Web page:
A Permanent Labor Shortage?
More than two years after the pandemic began, we’re still 1.2 million workers short of where we were.
The Biden administration and its lapdogs in the media continue to push fantasies about our “transitory” economic troubles, but those of us who live in the real world know better. Inflation is at its highest level in 40 years, and companies are still struggling to fill positions. A new study sheds light on those struggles, revealing that millions of able-bodied workers have no intention of returning to the workforce anytime soon, if ever.
It’s called long social distancing, and it’s another gift of the COVID pandemic. The study, conducted by economists from Stanford University, the University of Chicago, and Instituto Tecnológico Autónomo de México, found that more than 10% of Americans who worked in 2019 plan to continue long social distancing after the pandemic ends. This includes not returning to work, and it translates to a sustained loss of 3.5 million workers. The economists arrived at this figure by calculating the number of people working in March versus anticipated labor force growth based on the years 2015-19.
The labor force rebounded quicker than expected after the dark months of March and April 2020, when 22 million people lost their jobs. Still, there are currently 1.2 million fewer workers now than before the pandemic. However, if the study’s assessment is correct, then the jobs recovery is just about at peak. This means that the labor force could remain depressed for years to come, and that could make a full recovery to pre-pandemic levels all but impossible.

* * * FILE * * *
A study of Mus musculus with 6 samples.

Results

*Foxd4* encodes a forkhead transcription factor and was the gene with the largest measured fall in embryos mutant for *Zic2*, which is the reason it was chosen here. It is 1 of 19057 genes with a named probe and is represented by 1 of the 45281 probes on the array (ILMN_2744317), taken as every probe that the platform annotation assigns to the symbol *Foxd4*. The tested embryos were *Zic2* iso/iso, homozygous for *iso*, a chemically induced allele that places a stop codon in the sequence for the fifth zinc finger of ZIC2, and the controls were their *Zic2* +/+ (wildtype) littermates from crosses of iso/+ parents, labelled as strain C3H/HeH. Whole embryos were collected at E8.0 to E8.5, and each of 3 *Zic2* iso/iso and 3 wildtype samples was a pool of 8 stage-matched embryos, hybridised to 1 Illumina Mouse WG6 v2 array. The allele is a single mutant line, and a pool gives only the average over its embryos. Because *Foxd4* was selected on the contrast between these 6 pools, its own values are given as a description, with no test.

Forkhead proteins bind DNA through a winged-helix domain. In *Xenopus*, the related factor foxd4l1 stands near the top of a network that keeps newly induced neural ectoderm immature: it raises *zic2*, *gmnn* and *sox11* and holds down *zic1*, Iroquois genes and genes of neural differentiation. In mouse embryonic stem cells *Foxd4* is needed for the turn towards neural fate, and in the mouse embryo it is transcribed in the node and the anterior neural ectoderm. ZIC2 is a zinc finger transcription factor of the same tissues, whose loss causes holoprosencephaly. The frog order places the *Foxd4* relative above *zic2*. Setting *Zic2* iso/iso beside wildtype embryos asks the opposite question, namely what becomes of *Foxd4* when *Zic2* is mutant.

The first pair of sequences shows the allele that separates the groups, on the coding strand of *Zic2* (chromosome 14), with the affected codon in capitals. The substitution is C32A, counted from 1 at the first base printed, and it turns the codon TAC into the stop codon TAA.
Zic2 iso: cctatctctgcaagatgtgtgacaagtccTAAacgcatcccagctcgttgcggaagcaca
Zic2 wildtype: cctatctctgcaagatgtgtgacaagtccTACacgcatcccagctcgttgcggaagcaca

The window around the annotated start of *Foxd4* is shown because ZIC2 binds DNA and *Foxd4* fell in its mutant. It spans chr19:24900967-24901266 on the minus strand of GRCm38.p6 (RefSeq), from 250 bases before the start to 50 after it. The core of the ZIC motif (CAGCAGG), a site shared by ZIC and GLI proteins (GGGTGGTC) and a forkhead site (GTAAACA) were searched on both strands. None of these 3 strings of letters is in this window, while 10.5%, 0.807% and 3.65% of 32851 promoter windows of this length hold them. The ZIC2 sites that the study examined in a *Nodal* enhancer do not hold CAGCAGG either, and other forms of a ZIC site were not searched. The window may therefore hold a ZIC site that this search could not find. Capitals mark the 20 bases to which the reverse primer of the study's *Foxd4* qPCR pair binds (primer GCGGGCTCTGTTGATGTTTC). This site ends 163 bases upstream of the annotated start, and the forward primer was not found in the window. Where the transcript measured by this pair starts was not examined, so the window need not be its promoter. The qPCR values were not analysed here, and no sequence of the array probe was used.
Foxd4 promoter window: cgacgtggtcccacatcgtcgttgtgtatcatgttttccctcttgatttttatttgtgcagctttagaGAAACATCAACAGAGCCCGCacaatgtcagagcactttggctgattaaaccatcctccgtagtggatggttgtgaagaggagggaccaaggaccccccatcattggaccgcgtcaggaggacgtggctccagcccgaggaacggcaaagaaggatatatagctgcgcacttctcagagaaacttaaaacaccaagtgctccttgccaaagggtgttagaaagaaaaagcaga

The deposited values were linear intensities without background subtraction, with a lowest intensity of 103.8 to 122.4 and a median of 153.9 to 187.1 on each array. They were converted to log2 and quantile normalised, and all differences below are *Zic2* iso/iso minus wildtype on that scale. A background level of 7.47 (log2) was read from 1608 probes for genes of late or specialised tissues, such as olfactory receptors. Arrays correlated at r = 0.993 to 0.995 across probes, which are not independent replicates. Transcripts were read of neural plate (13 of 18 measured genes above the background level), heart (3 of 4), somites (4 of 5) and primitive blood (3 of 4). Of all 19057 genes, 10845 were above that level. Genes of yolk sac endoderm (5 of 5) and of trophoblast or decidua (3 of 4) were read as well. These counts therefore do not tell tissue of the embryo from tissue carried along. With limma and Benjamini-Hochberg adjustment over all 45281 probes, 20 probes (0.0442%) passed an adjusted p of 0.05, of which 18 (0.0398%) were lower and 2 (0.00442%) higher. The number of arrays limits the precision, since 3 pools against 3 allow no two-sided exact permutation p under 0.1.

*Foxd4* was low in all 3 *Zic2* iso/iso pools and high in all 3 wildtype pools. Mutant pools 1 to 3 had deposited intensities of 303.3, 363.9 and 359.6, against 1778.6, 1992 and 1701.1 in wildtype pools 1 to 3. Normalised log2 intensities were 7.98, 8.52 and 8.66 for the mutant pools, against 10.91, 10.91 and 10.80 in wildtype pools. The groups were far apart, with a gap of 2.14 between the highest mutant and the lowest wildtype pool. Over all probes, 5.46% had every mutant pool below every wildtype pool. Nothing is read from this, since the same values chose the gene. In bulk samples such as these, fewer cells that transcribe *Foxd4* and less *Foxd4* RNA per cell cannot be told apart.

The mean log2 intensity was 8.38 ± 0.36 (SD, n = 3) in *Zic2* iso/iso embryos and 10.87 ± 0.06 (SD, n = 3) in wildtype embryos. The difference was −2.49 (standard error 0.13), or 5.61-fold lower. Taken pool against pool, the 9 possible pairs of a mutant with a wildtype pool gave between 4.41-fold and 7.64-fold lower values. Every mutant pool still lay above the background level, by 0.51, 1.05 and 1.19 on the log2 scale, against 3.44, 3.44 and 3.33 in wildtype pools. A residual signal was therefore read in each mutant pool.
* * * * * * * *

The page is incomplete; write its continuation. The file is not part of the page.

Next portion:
It’s generally not fear of getting sick that’s keeping many of these people from returning to work, though. Only 24% of those surveyed said that infection was a primary or secondary reason for not seeking work. Many, in fact, are still living off savings and the gobs of money given out by the government in the form of stimulus payments, enhanced extended unemployment, and child credit payments. Clearly, some folks are less inclined to work so long as the government pays them to stay home.
Labor force participation may well recover if businesses begin to offer more remote work options. But remote work tends to be more common in information services and digital industries. These are good-paying jobs, but they often require a college degree. And the current workforce dropouts who are the focus of the study tend to be women, have no college degree, and work in low-paying fields. These people are less likely to find worthwhile options for remote work.
In the post-COVID world, remote work is becoming more prevalent, but it isn’t the prime mover of the economy. Manufacturing, and a lot of it, tends to be the backbone of a robust economy — and manufacturing jobs don’t lend themselves to sweatpants and home offices.
We’re likely to feel the effects of this labor shortfall for some time in the form of continued inflation and shortages. The economy will adjust, but it’s hard to say what things will look like on the other side. Regardless, the states and the federal government must stop printing money, cutting checks, disincentivizing the workforce, and locking down American businesses.
It has historically been the case that the economy is healthiest when government gets out of its way. Why should the present case be any different?